And finally... new haven for pondlife nears completion

6/6/12_DK'Baffins pond with the remodelled foreshore near completion.''Picture: Steve Reid (121966-782)
6/6/12_DK'Baffins pond with the remodelled foreshore near completion.''Picture: Steve Reid (121966-782)

The £35,000 project to create two new wildlife-friendly wetland areas at Baffins Pond, Portsmouth, will be finished by the end of next week.

As reported in The News the work, which began in February and should have been completed in April, outraged some Baffins residents.

They complained that parts of the naturally-fed pond had been turned into a quagmire with diggers and other machinery turning the area into an eyesore.

Others were angered by the size of the two new wetland areas at the western end of the pond which, combined with existing tracts on the other side, had reduced the pond’s size by a quarter.

The scheme is a joint initiative between Portsmouth City Council and the Environment Agency.

They blamed April’s appalling weather and problems with the supply of timber to enclose the wetland areas for the delays.

But Seamus Meyer, the council’s parks and recreation manager, confirmed work was almost complete.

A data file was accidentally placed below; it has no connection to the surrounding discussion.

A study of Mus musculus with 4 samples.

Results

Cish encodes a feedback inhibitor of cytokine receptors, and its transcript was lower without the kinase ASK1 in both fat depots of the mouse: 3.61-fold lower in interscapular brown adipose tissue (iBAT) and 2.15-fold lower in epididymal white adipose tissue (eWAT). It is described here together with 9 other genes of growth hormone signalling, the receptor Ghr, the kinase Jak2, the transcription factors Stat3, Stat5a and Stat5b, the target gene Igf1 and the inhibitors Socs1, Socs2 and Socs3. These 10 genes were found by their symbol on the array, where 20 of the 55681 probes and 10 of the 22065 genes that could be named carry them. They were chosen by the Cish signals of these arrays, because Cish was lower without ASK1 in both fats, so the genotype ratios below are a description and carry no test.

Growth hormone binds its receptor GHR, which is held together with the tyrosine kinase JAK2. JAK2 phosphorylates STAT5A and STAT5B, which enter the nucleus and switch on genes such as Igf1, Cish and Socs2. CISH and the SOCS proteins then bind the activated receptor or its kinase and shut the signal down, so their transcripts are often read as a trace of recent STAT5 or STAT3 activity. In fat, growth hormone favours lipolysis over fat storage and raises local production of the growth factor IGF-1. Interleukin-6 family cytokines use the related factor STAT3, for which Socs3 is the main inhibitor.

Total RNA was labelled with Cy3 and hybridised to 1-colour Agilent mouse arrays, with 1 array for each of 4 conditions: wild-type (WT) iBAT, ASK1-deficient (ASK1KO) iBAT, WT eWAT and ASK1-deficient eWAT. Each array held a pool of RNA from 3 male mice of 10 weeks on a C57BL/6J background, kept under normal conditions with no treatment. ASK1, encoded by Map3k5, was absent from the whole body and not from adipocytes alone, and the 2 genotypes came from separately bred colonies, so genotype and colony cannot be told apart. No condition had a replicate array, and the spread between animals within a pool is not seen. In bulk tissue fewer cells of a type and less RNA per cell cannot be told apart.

‘It’s 99 per cent done. They’re just tidying up odds and ends and it will be finished by the end of next week,’ he said.

Frances Cooper, 34, of nearby Westover Road, who regularly walks her two toddlers around the pond so they can feed seed to the ducks and swans, said: ‘And about time two. It really was in a state, but I’m beginning to see now that it might work once it gets established.’

And Nigel Crane, 54, of Tangier Road, agreed. He said: ‘Yes, we’ve lost a significant percentage of the water, but the plants planted in the wetland areas give the pond a more natural feel.

‘I’m just pleased it’s looking a bit more like its old self again.’

The work has also seen new gravel paths laid below the perimeter promenade to take visitors closer to the wildlife.

More than 9,500 wetland plants have been planted in the new areas and several trees have been cut down to prevent leaves clogging up the pond and affecting the quality of the water.

Four years ago two other wetland areas were created at the eastern end of the pond in the first phase of the redevelopment.